Now that summer is unofficially over and fall weather is about to roll in, you might be taking a look at your cold weather wardrobe. Scarves and turtlenecks are a staple of many a cooler weather wardrobe. But if you’re wearing those scarves and turtlenecks not only to keep warm, but also to cover up a saggy neck, you should know that there are other options. A neck lift can help reduce the size of a double chin, loose jowls or the so-called turkey wattle. After the surgery, you might be proud to be able to wear crewneck and V-neck tops once again.
Like most plastic surgeries, neck surgery isn’t a one-size-fits-all option. You have a few choices when it comes to the right procedure, based on what’s going on with your neck. If you have extra fat in the neck area, but your skin hasn’t yet lost its elasticity or started to sag, neck liposuction might be appropriate for you.
If you do have some looseness in the skin of your neck, as well as extra fat, a neck lift may be a better option for you. When the skin laxity starts to travel up to include your chin, jaw or cheeks, a mini or full facelift might be the best option.
What Happens During Liposuction or a Neck Lift
The procedure for liposuction is different from the procedure for a neck lift. It tends to be considerably simpler. If you decide to have liposuction of the neck area, you usually will be under general anesthesia during. The surgeon typically injects the area with a solution that helps minimize pain and bleeding. He or she then makes two small incisions by the ears through which a small tube is threaded. The desired amount of fat is removed through the tubes, then they are taken out and the incisions closed.
There are two ways in which a neck lift can be performed. One method, known as the suture suspension neck lift, takes less time than the other option, which is the open platysmaplasty procedure. During a suture suspension neck lift, the surgeon makes several small incisions by the ears and under the chin. He or she then trims away extra skin and tightens the neck muscle, which is held in place by a special suture.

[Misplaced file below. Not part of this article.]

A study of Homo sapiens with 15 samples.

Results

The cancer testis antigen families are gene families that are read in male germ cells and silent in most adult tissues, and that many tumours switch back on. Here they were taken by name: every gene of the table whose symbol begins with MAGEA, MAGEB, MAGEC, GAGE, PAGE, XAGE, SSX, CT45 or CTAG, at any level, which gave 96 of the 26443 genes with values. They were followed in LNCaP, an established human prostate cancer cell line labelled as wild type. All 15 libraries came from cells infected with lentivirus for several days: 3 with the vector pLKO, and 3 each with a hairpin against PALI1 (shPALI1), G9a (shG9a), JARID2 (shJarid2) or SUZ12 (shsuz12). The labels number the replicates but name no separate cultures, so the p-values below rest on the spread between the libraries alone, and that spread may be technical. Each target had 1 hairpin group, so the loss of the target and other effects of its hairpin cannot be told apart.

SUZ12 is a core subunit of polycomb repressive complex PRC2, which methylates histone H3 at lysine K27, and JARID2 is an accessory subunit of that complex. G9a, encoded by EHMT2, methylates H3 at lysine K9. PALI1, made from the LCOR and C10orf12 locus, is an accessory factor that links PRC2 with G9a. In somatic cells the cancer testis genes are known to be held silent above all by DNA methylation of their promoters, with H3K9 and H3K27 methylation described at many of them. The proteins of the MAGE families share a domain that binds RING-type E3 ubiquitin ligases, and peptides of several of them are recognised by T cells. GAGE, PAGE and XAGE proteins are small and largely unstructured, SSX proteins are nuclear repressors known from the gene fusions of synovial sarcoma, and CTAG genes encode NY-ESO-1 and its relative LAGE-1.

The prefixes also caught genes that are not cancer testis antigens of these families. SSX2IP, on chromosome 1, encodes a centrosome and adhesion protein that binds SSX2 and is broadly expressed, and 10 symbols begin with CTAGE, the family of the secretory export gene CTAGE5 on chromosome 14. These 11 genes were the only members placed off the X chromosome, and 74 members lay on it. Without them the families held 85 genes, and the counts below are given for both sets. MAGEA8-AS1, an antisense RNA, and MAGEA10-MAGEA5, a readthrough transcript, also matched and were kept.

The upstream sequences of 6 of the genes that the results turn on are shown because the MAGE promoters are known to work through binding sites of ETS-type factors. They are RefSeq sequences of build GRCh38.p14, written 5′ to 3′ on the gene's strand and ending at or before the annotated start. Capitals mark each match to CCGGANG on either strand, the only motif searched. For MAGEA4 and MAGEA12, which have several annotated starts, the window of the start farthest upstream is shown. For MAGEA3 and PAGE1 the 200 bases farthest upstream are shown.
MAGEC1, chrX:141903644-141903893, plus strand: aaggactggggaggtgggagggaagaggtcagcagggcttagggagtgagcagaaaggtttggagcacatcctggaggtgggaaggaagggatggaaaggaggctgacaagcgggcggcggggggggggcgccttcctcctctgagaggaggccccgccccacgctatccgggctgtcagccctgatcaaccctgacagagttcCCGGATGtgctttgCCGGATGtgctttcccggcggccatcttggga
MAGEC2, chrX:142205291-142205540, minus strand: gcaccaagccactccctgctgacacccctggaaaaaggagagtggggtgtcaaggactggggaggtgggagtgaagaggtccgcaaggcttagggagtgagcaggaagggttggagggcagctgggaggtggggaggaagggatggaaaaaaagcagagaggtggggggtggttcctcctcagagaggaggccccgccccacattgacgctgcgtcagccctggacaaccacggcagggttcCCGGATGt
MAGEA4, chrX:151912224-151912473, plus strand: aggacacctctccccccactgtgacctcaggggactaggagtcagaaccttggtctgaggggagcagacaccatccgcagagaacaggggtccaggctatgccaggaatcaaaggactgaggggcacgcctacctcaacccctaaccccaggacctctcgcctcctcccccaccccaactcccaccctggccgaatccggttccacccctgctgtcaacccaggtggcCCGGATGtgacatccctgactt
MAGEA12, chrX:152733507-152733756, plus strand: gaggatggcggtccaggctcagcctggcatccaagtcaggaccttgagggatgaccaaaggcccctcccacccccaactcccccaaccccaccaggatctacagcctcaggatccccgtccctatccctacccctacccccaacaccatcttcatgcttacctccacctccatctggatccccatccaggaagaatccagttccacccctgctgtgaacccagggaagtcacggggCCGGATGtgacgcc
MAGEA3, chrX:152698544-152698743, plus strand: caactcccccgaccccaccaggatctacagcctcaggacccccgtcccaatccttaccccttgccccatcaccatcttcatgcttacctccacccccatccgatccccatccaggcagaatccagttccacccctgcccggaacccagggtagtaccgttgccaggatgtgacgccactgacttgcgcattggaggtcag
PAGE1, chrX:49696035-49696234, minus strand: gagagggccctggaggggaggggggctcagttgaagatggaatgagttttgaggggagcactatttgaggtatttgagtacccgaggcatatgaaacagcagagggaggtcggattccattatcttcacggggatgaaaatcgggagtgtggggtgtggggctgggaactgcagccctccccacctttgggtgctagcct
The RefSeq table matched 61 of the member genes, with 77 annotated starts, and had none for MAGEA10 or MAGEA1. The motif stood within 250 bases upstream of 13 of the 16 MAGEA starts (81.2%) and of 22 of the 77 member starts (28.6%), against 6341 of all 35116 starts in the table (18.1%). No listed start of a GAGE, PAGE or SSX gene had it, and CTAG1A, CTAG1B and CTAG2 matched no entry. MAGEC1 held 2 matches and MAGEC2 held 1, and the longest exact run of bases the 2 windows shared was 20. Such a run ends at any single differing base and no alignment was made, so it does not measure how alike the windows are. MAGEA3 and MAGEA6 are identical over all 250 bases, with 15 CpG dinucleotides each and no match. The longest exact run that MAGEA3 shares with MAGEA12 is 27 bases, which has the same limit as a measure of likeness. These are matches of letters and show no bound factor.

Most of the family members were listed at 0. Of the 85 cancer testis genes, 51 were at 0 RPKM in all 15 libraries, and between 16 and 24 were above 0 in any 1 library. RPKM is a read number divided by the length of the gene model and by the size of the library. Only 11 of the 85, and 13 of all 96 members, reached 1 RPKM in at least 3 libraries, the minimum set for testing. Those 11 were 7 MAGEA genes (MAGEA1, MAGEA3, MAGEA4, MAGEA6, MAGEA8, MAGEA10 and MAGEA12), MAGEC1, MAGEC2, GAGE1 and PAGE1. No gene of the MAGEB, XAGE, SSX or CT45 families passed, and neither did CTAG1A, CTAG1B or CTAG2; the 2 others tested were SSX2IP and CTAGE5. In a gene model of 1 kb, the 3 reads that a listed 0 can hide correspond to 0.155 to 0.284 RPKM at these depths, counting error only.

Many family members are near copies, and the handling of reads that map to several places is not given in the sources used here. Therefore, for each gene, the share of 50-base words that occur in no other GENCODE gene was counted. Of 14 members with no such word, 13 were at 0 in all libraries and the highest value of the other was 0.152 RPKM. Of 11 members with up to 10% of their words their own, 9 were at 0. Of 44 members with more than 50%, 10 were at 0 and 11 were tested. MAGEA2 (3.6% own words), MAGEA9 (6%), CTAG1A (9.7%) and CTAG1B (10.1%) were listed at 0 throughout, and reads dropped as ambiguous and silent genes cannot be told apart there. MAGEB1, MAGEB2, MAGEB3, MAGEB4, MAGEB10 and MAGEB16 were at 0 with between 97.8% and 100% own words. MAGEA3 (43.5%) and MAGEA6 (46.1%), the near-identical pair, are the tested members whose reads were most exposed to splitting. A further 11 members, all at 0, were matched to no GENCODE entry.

The open platysmaplasty surgery takes about three hours, or twice as long as the suture suspension procedure. It involves slightly more incisions, including a few in front of the ears. But, as with the suture suspension surgery, the incisions are placed in locations that make them easy to conceal. During the surgery, the doctor removes excess muscle and fat from the area and uses liposuction to remove some of the extra fat from the neck.
How Long It Takes to Recover
Most patients go home the day of their procedure. In many cases, you’ll be able to head back to work after a week after surgery, whether you’ve had liposuction or a neck lift. You may have some bruising, discomfort and swelling. The sealant used at the Bitar Cosmetic Surgery Institute, however, helps decrease the amount of swelling and bruising patients experience, as well as the length of their recovery period.
Deciding on Surgery
As with any surgical procedure, neck liposuction or neck lift isn’t something to rush into. You may have to make some changes to your lifestyle and habits before the surgery. Depending on the degree of aging on your face and neck, your surgeon might recommend a different surgery entirely or a non-surgical procedure, such as Botox injections.
It’s usually recommended that you see your regular doctor before deciding to have plastic surgery, too, just to make sure you are in tip-top shape. You also want to quit smoking a few weeks before, and after, your neck lift or liposuction, to reduce the risk of complications.
If you’re looking forward to a turtleneck-free fall, Dr. George Bitar and Dr. Robert Centeno can help you decide if a neck lift or neck liposuction is the right pick for you. To schedule an appointment at the Bitar Cosmetic Surgery Institute, near Washington, DC, call (703) 206-0506 today.
George Bitar, MD, FACS is an award-winning, board-certified cosmetic and reconstructive plastic surgeon, the Founder and Medical Director of Bitar Cosmetic Surgery Institute in Virginia. He specializes in the latest surgical and minimally invasive techniques to scar management and reduction. Dr. Bitar is involved in groundbreaking research and education in plastic surgery and has authored numerous articles, abstracts, and chapters.